Kids with food allgeries should have 'action plan'


azfamily.com

Posted on August 30, 2011 at 12:11 PM

Updated Tuesday, Aug 30 at 12:20 PM

PHOENIX -- Now that the kids are back in school, you have less control over what they're eating and absolutely none when it comes to what's in other kids' lunchboxes.

For kids with food allergies, that can be a potentially dangerous -- even deadly -- situation.

With that in mind, Dr. Art Mollen says it's essential for children to have what he calls an action plan.

"Parents need to prepare if they [the kids] do have a specific allergy," he explained.

Mollen said there are basically eight foods or food groups that account for about 90 percent of all allergic reactions, especially in kids. They are milk, eggs, peanuts, tree nuts ( i.e. almonds and cashews), fish (i.e. bass or cod), shellfish (i.e. crab, lobster and shrimp), soy and wheat.

It's not enough to simply avoid these foods, although that is the first and most effective line and of defense.

Parents, however, need to take it a step further, and make sure they and their kids are prepared should the worst happen.

"Children ought to have what's called and EpiPen®," Mollen said.

An EpiPen® is a prescription device that contains measured does of epinephrine, which is commonly used to treat life-threatening allergic reactions like those that are possible with food allergies.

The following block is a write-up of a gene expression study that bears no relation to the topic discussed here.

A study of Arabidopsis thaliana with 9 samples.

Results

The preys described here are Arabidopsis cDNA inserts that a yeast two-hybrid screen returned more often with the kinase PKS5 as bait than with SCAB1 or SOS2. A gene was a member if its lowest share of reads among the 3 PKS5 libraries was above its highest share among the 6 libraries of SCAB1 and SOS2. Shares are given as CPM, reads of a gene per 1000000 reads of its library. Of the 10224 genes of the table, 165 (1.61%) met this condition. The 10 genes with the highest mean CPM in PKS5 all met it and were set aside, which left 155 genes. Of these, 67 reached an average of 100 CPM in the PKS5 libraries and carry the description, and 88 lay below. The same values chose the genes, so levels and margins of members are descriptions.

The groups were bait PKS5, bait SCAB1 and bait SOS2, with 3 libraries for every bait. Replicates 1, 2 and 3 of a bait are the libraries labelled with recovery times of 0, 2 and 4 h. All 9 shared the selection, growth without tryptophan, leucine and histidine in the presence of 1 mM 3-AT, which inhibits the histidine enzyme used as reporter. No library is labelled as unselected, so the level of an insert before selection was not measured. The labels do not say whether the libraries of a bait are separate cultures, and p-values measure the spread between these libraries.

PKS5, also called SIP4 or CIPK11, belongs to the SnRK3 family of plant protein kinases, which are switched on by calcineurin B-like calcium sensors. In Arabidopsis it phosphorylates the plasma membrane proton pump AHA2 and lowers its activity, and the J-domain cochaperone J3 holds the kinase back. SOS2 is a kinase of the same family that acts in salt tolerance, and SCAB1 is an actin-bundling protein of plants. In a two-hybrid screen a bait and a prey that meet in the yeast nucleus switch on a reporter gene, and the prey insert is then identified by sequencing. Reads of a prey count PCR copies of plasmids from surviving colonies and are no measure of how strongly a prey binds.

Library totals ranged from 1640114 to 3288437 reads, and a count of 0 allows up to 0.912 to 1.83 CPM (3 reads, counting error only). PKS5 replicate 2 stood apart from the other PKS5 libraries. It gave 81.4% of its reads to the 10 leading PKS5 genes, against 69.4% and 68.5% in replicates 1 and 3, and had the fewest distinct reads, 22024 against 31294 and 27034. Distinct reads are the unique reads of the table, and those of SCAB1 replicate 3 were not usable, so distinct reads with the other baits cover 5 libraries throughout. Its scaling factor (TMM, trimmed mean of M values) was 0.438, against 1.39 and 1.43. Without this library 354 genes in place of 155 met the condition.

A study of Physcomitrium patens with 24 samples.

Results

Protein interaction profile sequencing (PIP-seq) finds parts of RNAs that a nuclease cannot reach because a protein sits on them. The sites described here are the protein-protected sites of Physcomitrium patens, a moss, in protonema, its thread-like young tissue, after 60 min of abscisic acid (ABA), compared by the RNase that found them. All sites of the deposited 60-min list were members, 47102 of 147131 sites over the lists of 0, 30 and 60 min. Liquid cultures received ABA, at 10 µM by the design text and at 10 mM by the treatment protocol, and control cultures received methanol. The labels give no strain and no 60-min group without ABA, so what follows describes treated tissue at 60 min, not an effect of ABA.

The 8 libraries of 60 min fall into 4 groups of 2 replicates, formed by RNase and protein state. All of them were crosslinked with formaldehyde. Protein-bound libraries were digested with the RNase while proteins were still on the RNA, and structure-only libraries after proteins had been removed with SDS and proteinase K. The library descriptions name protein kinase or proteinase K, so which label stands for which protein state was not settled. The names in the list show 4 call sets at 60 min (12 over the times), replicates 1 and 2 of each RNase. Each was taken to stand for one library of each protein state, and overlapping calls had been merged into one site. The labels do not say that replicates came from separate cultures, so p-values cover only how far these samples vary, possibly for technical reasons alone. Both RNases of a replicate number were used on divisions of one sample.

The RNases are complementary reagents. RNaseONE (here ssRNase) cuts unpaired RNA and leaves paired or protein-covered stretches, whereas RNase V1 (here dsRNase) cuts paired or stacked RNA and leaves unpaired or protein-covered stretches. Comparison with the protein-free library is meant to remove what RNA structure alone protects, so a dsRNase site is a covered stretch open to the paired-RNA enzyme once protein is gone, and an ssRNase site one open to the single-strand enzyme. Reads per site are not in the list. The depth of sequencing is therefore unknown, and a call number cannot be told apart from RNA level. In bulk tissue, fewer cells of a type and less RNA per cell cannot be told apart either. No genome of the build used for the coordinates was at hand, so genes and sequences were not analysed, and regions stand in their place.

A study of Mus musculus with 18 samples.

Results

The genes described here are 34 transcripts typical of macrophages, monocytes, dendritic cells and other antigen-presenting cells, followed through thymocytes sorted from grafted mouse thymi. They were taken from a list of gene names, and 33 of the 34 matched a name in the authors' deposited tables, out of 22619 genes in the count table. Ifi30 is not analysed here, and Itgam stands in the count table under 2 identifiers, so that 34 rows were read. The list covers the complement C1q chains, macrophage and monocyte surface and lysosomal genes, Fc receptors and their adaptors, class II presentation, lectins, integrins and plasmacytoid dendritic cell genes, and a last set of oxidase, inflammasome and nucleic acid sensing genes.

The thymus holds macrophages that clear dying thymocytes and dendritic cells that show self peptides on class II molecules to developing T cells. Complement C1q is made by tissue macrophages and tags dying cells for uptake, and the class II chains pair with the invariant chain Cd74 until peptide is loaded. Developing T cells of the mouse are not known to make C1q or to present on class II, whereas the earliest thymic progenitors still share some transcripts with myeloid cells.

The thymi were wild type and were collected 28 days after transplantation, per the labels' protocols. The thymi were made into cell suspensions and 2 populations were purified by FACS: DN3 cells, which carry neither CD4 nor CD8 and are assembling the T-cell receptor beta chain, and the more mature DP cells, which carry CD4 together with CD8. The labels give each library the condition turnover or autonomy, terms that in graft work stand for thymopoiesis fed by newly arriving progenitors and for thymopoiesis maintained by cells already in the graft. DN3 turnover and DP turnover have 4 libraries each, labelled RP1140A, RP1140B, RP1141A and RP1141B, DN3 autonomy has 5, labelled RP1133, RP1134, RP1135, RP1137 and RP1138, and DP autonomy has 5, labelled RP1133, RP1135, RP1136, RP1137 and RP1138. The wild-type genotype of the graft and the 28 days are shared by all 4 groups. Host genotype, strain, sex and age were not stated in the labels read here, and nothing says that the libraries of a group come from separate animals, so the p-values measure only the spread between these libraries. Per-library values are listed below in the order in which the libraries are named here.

"[With an EpiPen®, kids] can self-inject themselves if they were to be exposed to an allergen," Mollen said.

Symptoms of a potentially dangerous allergic reaction include an itchy mouth, hives or a rash, swelling of the face, lips of tongue, abdominal pain, diarrhea or nausea, dizziness and lightheadedness, wheezing, sneezing, closing of the airways, general itching, racing or weak pulse, and number or tingling of the lips or tongue.

"If you suddenly start to feel some of these symptoms, that's when you need to use this EpiPen®," Mollen said.

In addition to keeping and EpiPen® on hand at all times, Mollen also suggests wearing a MedicAlert bracelet to let others, including first responders and emergency crews, know that the allergy exists.

Finally, a support systems is critical. Friends -- and in the case of kids, their parents -- need to know about food allergies and the potential dangers they pose. In some cases, the allergy is so severe that the mere smell of a certain food can trigger a reaction.

"The most insignificant amount of any type of protein product could potentially cause you [or your child] to have an allergic reaction," Mollen said. "These anaphylactic reactions are life-threatening."

For more information on Dr. Mollen visit www.mollen.com or call 602-264-9806.